Late Schoolteacher Leaves Washington & Jefferson College $50M Endowed Scholarship

The college's first female trustee never attended the school, but left $50 million to create a scholarship for regional students with financial needs.
  • Anica Donnan Rawnsley became the first female trustee at Washington & Jefferson College five years after the college became coeducational in 1970.
  • W&J College gave her an honorary doctorate of public service in 2003.
  • She earned her bachelor's degree at Goucher College and her master's in education at Bank Street College of Education.
  • The college has yet to determine eligibility and timing for the scholarship.

Washington & Jefferson College (W&J) students will have new scholarship opportunities thanks to the largest donation in the college's history by the college's first female trustee. She also never attended the school.

W&J, a liberal arts college in Washington, PA, announced last week that Anica Donnan Rawnsley left a $50 million gift to fund scholarships for regional students with financial needs after passing on Aug. 9, 2023.

The college has yet to determine eligibility and timing for the first scholarship awards.

Rawnsley never attended W&J College; the school was an all-male institution at the time. She graduated from Goucher College and earned her master's in education from Bank Street College of Education.

Photo of Anica Donnan Rawnsley.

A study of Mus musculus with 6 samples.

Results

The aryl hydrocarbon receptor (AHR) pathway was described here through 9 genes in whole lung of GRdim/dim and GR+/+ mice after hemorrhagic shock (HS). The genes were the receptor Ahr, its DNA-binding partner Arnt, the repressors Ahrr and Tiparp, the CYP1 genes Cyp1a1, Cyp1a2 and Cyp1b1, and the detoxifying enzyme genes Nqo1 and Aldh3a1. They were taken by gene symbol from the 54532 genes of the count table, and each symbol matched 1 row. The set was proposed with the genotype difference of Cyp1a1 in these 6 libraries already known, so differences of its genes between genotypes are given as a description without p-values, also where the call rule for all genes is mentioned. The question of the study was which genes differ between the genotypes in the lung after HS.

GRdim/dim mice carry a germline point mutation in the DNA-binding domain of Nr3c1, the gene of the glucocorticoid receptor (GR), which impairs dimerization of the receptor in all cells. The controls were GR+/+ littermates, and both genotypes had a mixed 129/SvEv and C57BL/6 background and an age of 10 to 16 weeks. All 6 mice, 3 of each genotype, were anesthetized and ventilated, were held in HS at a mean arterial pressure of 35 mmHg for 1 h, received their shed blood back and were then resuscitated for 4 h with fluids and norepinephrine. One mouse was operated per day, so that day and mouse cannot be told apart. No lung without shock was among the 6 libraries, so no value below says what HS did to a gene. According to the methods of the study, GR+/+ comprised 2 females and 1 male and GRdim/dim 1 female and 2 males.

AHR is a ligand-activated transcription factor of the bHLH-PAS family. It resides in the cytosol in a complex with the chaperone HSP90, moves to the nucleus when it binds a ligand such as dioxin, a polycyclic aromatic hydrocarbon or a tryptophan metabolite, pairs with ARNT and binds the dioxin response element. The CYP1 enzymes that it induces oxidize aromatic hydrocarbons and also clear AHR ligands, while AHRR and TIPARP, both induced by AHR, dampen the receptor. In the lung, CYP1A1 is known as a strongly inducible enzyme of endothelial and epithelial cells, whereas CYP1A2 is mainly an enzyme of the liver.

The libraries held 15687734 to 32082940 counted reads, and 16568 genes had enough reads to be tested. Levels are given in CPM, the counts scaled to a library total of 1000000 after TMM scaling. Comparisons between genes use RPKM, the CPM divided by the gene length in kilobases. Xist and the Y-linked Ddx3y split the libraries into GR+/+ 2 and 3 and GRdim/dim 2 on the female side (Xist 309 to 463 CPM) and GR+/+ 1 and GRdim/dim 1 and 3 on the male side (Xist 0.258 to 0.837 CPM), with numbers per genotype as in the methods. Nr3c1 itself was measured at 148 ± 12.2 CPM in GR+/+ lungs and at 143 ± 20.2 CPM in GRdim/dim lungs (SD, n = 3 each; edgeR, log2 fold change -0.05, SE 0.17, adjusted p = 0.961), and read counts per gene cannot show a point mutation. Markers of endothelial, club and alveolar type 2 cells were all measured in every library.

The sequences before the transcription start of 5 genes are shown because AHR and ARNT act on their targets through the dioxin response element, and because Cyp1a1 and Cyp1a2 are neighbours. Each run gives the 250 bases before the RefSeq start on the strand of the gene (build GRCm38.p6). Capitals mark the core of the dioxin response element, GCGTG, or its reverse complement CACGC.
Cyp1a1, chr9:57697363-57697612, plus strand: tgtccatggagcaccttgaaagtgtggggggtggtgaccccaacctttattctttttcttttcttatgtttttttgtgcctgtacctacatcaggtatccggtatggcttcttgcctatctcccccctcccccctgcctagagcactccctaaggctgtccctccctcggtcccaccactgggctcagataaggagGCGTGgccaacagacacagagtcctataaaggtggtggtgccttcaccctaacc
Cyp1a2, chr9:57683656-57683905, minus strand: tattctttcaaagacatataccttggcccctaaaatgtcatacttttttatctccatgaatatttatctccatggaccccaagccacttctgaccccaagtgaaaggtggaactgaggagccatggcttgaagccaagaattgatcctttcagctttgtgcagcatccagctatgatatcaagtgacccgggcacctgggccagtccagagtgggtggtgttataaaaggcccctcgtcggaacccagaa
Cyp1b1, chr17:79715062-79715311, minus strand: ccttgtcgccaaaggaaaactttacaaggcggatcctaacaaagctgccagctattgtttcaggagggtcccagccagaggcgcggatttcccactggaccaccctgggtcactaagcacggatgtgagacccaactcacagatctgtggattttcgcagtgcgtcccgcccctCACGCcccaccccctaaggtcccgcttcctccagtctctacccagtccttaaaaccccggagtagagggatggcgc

Courtesy of Washington & Jefferson College

She was a schoolteacher before joining the college's board of trustees in 1975, just five years after the college became coeducational.

W&J wrote that she developed an affinity for the college since six men in her family, including her father, graduated from W&J.

In 2003, the college awarded her an honorary doctorate of public service.

"She had a bold vision to make it possible for future generations to afford and benefit from a W&J education," W&J President John C. Knapp said. "It was a privilege to know Anica and her passion for providing students in this area with an education of exceptional quality at a cost within their families' reach."

Other past school teachers have donated millions to colleges they loved after passing: Alice R. Dentler left $1.5 million to her alma mater Manchester University, and Carol Mathews LeBeau left $1 million to her alma mater William Paterson University.